An imminent staffing crisis in maternity services at South West Acute Hospital - as revealed by this newspaper last month - is being averted according to the Western Health and Social Care Trust.

Following a question from The Impartial Reporter asking if the appointment of some junior doctors to Obstetrics and Gynaecology had resolved the short term recruitment challenges being faced in maternity services the Trust issued a statement.

In it a spokesperson explained that following “continued efforts” by the Trust to address “workforce challenges within maternity services” at the South West Acute Hospital “the gaps in medical staffing are currently being filled.”

Meanwhile a meeting was held last week between the Trust’s Chief Executive, Dr Anne Kilgallen, and a range of politicians and community groups where she moved to allay fears that there was a threat to maternity services.

At the meeting, that was for invited guests only and closed to the press, including this newspaper, the Chief Executive committed the Trust to a “partnership approach to the future development of health and care services across Fermanagh and in South West Acute Hospital”.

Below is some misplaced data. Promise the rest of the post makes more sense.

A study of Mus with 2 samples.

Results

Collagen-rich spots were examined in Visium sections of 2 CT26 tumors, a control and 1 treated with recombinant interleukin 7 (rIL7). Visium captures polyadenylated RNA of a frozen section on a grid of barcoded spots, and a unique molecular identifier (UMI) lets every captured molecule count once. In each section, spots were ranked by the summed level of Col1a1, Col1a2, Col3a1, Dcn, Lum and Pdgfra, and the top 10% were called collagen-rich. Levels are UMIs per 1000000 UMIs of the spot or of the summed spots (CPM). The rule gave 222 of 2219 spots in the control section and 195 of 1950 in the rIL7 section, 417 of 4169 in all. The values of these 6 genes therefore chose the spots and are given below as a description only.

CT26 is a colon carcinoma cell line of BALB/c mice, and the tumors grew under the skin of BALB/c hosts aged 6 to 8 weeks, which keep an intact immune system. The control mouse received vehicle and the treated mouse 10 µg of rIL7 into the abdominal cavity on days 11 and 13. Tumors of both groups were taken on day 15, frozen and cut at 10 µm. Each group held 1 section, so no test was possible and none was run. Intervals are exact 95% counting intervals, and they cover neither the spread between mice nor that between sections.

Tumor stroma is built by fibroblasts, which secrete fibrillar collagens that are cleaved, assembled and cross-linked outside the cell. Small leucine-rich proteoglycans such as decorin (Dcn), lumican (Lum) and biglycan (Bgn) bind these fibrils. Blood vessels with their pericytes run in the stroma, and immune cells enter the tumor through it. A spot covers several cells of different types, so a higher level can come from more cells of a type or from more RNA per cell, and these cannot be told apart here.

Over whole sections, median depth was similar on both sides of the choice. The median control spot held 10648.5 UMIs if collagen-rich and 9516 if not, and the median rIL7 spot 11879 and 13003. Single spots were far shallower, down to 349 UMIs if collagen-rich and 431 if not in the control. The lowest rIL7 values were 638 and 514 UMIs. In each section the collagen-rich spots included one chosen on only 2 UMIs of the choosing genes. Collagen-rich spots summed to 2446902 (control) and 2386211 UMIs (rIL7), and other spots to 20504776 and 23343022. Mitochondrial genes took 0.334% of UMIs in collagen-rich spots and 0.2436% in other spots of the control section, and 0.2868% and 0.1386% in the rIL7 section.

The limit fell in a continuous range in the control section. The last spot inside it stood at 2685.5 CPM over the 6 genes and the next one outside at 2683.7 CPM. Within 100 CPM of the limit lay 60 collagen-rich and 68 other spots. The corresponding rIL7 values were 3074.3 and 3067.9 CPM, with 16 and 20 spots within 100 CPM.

Any change in approach could bring about significant changes to how services are delivered in the county.

This new co-operative approach is known as a ‘pathfinder initiative’ and is modelled on a similar venture involving Daisy Hill Hospital in Newry.

However, when asked by this newspaper the Trust revealed that there is no timeframe for the completion of this process.

“There is no agreed timescale at this point. The Trust will meet with the Department of Health in the month of August and thereafter engage with stakeholders to agree a Terms of Reference for this work.”

In statement from the Trust concerning last week’s meeting Dr Anne Kilgallen, said: “I believe passionately that the South West Acute Hospital and its staff is an asset for the community and for the region.

“I have committed to staff that we will work together to ensure that services meet the needs of this community in a safe and sustainable way,” she said.

This process will include consideration of the contribution that South West Acute can make as part of the Health and Social Care (HSC) system as well as its local importance and will involve a period of consultation.

“This is a step on a journey and I do not expect there to be any immediate change. Building the relationships necessary to engage people will take time.

“However, I hope that people will find that they have a real opportunity to shape a legacy for the next era of health and care in the Fermanagh area,” Dr Kilgallen stated.

The Trust will engage with all stakeholders in the coming weeks and months and welcome input from all parties.